Our final Kenyan release of the season is produced by smallholder farmers based in the region of Embu. Kangunu produces a clean cup with delicate flavours and jammy sweetness highlighted by an abundance of tart fruity notes of rhubarb and currants with sparkling acidity. This offering has typical characteristics you usually find in great coffees from Kenya - clean and exquisite flavours.
Recommended for pour-over, French Press, Aeropress and cold brew.
This lot comes from the Kagaari Farmers' Co-operative Society. Established in 1998, the co-operative currently supports nearly 1,700 smallholder producers living and working in farms surrounding Muranga County. The co-operative utilises a pre-financing model in which funds are set aside from the previous year’s harvest for the members to access for children's school fees, capital expenditure and other emergencies.
The agricultural conditions for growing coffee are optimal. Farms supplying the co-operative are located in areas with impressive altitude, reaching up to 1,600 metres. This extends the maturation of coffee cherries, and leads to density, sweetness and complexity to the final cup. The soil within these areas is rich with volcanic material and has a deep crimson red appearance. Most of the smallholder farmers intercrop the coffee with banana, maize, and macadamia to provide shade for the coffee plants and enrich the soil with nutrients.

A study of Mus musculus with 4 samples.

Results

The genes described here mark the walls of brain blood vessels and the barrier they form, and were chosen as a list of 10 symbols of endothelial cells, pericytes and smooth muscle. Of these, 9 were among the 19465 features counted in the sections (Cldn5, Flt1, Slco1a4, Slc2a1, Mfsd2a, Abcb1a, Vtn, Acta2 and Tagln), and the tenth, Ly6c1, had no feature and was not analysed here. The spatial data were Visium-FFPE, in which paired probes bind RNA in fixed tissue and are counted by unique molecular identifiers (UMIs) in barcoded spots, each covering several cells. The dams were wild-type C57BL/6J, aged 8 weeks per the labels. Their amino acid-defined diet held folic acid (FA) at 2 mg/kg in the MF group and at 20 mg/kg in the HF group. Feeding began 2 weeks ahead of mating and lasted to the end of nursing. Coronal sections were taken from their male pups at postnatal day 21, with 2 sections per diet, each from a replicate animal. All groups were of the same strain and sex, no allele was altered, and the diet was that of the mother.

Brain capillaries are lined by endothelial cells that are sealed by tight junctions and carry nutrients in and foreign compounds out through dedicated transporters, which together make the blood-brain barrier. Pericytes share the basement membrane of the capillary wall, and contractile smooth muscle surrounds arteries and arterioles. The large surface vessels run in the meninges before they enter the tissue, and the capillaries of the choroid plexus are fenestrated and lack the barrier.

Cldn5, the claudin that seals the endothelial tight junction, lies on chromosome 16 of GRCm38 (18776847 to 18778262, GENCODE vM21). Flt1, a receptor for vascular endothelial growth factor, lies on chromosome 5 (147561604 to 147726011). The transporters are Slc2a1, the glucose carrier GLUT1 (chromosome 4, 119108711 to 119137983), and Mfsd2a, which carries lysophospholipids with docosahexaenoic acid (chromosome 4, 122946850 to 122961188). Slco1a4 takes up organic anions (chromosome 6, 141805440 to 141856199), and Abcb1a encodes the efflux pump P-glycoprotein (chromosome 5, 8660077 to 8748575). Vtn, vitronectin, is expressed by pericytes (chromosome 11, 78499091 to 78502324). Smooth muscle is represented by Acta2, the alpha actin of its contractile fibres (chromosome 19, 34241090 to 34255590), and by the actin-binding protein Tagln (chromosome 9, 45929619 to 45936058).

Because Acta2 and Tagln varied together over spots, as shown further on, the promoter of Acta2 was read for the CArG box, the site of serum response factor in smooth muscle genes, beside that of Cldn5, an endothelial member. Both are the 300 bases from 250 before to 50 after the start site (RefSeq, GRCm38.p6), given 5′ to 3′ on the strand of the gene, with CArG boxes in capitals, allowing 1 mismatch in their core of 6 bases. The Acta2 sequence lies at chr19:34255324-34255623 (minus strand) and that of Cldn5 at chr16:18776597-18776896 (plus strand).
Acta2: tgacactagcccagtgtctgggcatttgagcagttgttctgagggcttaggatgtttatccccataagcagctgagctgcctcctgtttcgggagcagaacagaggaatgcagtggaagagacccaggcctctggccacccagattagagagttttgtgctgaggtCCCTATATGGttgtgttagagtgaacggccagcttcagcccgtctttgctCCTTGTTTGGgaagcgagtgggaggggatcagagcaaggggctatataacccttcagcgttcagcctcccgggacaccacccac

Harvest is a busy time as the co-operative has more than 1,700 members. Each producer will hand-pick the coffee on their land, before carrying the cherries to the Kangunu washing station/factory for processing. Here, the Kangunu stream provides water to wash the coffee and remove the skin and pulp.
As soon as the coffee is clean and free from any pulp – the beans are ready for fermentation. This occurs by placing the coffee in large tanks for 12-24 hours depending on the temperature. Fermentation allows for the breakdown of the sugars still attached to the coffee’s surface. The mucilage breaks down – leaving on the parchment, or outer skin.
From here – the coffee is ready to be dried. The parchment (coffee beans with exterior skin attached) is moved to drying tables in the open sun for 10-22 days, regularly turned to prevent mould growth. The goal is to obtain a slower drying time to achieve a more balanced and complex cup.